Solar panels are multiplying on rooftops and in gardens worldwide as communities clamor for renewable electricity. But engineers in Belgium say the panels could do more than keep the lights on—they could also produce hydrogen gas on site, allowing families to heat their homes without expanding their carbon footprints.
A team at Katholieke Universiteit Leuven, or KU Leuven, says it has developed a solar panel that converts sunlight directly into hydrogen using moisture in the air. The prototype takes the water vapor and splits it into hydrogen and oxygen molecules. If it scales successfully, the technology could help address a major challenge facing the hydrogen economy.
Hydrogen, unlike fossil fuels, doesn’t produce greenhouse gas emissions or air pollution when used in fuel-cell-powered vehicles or buildings. Yet nearly all hydrogen produced today is made using an industrial process that involves natural gas, and this ultimately pumps more emissions into the atmosphere.
A small but growing number of facilities are producing “green” hydrogen using electrolysis, which splits water molecules using electricity—ideally from renewable sources such as wind and solar. Other researchers, including the team in Belgium, are developing what’s called direct solar water-splitting technologies. These use chemical and biological components to split water directly on the solar panel, forgoing the need for large, expensive electrolysis plants.
KU Leuven sits on a grassy campus in Flanders, the Dutch-speaking northern region of Belgium. Earlier this month, professor Johan Martens and his team at the Centre for Surface Chemistry and Catalysis announced their prototype could produce 250 liters of hydrogen per day on average over a full year, which they claim is a world record. A family living in a well-insulated Belgian house could use about 20 of these panels to meet their power and heating needs during an entire year, they predict.
The solar panel measures 1.65 meters long—roughly the height of a kitchen refrigerator, or this reporter—and has a rated power output of about 210 watts. The system can convert 15 percent of the solar energy it receives into hydrogen, the team says. That’s a significant leap from 0.1 percent efficiency they first achieved 10 years ago. (Separately, international researchers last year said they achieved 19 percent efficiency in producing hydrogen from direct solar water splitting.)
However, Martens’s lab was tight-lipped about its technology. Tom Bosserez, a post-doctoral researcher, declined to disclose any specifics, citing intellectual property concerns. He says only that the lab specializes in “catalysts, membranes, and adsorbents.”
“Using our expertise in this area, we were able to develop a system that is very efficient in taking water from the air and splitting it into hydrogen by using solar energy,” Bosserez wrote in an email. Asked about some of the engineering challenges they faced during a decade of development, he says, “The most difficult part is getting the water out of the air.”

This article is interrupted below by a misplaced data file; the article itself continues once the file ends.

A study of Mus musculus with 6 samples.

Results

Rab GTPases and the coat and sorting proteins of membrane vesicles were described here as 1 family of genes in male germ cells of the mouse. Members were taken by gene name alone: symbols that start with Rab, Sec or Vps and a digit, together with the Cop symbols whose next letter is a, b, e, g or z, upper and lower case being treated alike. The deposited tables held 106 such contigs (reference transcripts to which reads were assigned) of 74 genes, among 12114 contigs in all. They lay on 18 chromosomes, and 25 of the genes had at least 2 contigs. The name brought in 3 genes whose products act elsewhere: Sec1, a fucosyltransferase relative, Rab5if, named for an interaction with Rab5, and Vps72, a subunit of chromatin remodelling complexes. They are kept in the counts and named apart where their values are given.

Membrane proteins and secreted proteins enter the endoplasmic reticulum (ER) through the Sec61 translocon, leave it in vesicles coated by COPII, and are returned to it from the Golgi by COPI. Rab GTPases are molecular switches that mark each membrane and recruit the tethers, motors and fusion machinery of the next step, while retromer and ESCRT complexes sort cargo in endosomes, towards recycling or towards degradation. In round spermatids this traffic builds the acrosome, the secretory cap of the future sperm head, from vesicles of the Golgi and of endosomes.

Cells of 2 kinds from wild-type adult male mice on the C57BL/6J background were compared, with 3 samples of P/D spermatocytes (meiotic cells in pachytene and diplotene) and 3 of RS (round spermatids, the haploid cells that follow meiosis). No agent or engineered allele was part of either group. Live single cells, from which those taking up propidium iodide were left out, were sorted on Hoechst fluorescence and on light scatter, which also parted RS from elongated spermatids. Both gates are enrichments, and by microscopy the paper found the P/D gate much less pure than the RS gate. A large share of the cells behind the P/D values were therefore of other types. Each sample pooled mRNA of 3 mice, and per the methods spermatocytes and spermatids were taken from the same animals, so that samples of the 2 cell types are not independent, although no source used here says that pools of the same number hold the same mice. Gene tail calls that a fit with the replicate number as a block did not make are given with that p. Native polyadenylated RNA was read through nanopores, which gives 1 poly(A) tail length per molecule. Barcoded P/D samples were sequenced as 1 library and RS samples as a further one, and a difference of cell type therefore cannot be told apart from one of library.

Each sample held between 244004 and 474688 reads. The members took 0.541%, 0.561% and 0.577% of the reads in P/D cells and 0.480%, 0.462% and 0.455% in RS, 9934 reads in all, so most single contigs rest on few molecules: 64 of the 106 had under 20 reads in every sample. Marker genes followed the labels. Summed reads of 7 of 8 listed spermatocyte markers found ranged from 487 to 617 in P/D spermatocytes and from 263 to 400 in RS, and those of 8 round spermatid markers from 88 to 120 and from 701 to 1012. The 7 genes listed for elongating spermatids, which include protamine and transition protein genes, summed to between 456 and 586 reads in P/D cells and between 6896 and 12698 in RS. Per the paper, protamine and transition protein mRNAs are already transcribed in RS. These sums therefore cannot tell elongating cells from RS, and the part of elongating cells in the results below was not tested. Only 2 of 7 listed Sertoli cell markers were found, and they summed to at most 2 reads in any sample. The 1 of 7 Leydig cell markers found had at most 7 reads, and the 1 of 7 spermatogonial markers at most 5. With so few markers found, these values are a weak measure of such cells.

Academic papers offer scattered clues about the technology, though Bosserez says their research “goes beyond what we publish.” In recent years, the engineers have studied the efficacy of a variety of materials, including porous, multi-junction silicon solar cells with “micrometer-scale pore dimensions”; thin-film catalysts made from manganese (III) oxide; and a poly (vinyl alcohol) anion exchange membrane involving a potassium hydroxide solution and nickel-based catalysts.
Martens says generally that his team is using “cheap raw materials” in lieu of precious metals and other expensive components. “We wanted to design something sustainable that is affordable and can be used practically anywhere,” he told VRT, a public broadcasting network in Belgium.
Researchers plan to field test their prototype at a house in the rural town of Oud-Heverlee. Hydrogen would be stored in a small, underground pressure vessel during the summer months, then pumped throughout the house during the winter. If all goes according to plan, Martens says the team could install 20 panels at the house, or build a larger neighborhood system to allow other families to use the “green” hydrogen.
Fenton, of the Florida Solar Energy Center, says it’s far too early to determine whether or when hydrogen-producing solar panels could become economically viable. The technology is still in the very early development stage, and—particularly in the United States—existing heating fuels such as natural gas are relatively cheap. However, as countries work to address climate change, and as more communities install local renewable energy infrastructure like rooftop solar, he sees a potential role for these hydrogen systems.
“If the application works out, it might lend itself very nicely to generating hydrogen that I could store and use for the heating of my house, for cooking, maybe run it in my fuel-cell car,” Fenton says. “It’s these futuristic kinds of opportunities. But it’s still something we need to prepare for.”